Untreated sewage continued to pour out of the ground Tuesday above a broken sewer main in Lexington's Hamburg area as officials scurried to get an emergency work order and parts to repair it.
The sewage, flowing at an estimated 300 to 500 gallons a minute, was being pumped into two other sewer lines, said Rod Chervus, a collection and conveyance manager with the city's Division of Water Quality.
Some also was flowing into an unnamed tributary of Bryan Station Creek at what appeared to be an increasing rate.
That tributary, along with the sewage being pumped, was expected to be diverted into the larger of the two sewer lines before work stopped Tuesday night, Chervus said.
The state Division of Water was at the scene Tuesday, and the Kentucky Department of Fish and Wildlife Resources was notified.
Chervus said sewage in the creek could cause the amount of dissolved oxygen downstream to drop, harming creatures that live in the creek. Once the flow of sewage is stopped, he said, the oxygen "pops right back up."
The city approved an emergency order Tuesday to repair the broken main. Because parts must be obtained, it could be late Wednesday before repair can begin. The spill was reported Monday afternoon.
Workers put up a temporary fence between the spilling sewage and Liberty Elementary School before students return Wednesday morning. They also strung a fence between the spill and a private pool at a nearby development.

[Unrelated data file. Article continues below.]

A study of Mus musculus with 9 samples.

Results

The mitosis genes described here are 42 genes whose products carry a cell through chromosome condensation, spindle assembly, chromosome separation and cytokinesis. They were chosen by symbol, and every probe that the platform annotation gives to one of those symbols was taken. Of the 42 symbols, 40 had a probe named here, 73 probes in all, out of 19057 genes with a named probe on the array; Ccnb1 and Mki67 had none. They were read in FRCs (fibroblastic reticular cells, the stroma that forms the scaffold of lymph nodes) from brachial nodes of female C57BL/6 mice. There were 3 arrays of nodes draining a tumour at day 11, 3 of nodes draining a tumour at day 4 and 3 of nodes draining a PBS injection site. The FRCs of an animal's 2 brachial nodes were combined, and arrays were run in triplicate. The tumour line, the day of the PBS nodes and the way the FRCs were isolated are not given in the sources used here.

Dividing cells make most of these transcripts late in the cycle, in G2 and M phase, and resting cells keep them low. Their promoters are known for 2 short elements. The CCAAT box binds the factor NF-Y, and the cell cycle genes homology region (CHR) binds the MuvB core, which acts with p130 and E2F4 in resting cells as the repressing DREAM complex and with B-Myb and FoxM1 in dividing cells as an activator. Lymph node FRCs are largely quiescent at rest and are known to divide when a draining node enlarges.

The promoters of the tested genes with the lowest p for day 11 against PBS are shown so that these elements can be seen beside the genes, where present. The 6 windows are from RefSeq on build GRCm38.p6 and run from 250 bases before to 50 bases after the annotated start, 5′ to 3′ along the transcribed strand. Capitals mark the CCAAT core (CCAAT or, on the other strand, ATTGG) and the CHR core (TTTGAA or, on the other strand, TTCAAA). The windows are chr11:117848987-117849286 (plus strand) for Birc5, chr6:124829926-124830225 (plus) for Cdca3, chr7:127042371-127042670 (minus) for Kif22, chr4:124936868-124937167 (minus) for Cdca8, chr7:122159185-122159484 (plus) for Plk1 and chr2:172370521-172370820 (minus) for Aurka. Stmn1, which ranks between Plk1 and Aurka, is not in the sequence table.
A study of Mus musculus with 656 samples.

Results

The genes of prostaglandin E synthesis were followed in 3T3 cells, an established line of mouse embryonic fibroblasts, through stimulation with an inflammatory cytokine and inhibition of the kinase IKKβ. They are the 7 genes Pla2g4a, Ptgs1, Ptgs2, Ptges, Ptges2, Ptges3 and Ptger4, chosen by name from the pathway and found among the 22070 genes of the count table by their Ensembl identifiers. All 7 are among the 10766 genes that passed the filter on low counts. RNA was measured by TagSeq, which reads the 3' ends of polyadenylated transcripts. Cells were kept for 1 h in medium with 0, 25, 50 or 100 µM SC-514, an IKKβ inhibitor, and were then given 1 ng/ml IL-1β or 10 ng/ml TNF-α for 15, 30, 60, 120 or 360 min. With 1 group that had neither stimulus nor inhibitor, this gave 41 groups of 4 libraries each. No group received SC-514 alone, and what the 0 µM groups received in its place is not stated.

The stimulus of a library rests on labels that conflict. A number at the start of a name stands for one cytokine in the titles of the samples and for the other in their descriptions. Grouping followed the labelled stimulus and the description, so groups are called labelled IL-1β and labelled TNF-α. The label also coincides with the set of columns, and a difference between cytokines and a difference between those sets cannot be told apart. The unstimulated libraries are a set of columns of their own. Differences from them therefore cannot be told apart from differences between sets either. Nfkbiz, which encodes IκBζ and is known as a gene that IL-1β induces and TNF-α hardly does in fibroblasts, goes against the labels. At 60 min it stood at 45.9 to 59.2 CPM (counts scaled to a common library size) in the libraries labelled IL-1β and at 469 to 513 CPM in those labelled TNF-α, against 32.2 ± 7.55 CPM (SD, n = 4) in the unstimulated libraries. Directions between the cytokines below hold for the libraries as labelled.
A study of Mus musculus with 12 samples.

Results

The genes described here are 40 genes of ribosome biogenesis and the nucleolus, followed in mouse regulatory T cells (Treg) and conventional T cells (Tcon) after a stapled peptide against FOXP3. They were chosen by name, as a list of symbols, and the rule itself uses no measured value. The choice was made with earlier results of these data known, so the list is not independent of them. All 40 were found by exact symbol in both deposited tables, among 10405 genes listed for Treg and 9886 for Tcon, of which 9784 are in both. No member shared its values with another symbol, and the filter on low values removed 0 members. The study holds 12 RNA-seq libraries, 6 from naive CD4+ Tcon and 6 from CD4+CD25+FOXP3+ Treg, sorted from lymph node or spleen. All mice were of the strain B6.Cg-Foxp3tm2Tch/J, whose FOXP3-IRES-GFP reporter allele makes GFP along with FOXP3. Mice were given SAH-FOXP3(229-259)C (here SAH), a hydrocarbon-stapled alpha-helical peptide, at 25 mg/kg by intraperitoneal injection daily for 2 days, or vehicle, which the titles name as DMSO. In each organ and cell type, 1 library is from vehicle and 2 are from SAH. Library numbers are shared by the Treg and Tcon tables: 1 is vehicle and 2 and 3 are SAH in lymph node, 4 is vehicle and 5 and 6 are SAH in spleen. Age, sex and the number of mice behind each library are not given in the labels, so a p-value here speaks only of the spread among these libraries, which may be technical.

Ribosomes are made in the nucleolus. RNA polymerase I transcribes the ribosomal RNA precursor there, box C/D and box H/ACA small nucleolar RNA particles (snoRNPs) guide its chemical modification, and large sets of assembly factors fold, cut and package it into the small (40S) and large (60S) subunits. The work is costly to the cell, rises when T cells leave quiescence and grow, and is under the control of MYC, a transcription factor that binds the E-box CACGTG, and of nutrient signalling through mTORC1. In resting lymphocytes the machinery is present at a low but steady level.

The broken line is a 24-inch force main that carries about 2,000 gallons of sewage a minute from the North Elkhorn Pump Station east of town to the Town Branch Wastewater Treatment Plant on the west side of town.
The line was installed in 1980, at the same time the original pump station was built. During the past dozen years, it has broken eight times, the most recent break coming about a year ago, said Mark York, a spokesman for the water quality division.
In a news release, Mayor Jim Newberry called the pipe's record of breaks "absolutely unacceptable" and said it was one of the many sewer problems the city is trying to correct after reaching a settlement last year with the federal Environmental Protection Agency.
The pump station was replaced in March.
Work is under way to replace the force main. It will be retained as a backup after possibly having a smaller line placed inside it, Chervus said.
The underground line apparently is not completely ruptured, Chervus said, or more sewage would be coming up.
As it is, sewage was spurting from the ground in half a dozen spots on a hillside near Star Shoot Parkway and Flying Ebony Drive.
From there it flowed downhill toward the tributary.
The elementary school is at the top of a slope on the other side of the creek.
A dam has been built to catch the sewage, and two pumps are sending it into the smaller gravity sewer lines, Chervus said. But that dam became less effective as the day went on Tuesday.
An 8-inch line closest to the spill was getting some of the pumped sewage. More was being pumped to a 15-inch line farther away.
Workers planned to build a dam across the tributary about 500 feet downstream, which is closer to the 15-inch line, then dig a trench so the sewage would flow into the larger sewer.
That temporary solution has its drawbacks: The 8- and 15-inch lines are carrying the spilled sewage back to the pump station, where it was being put into the 24-inch force main again, and some is spilling again.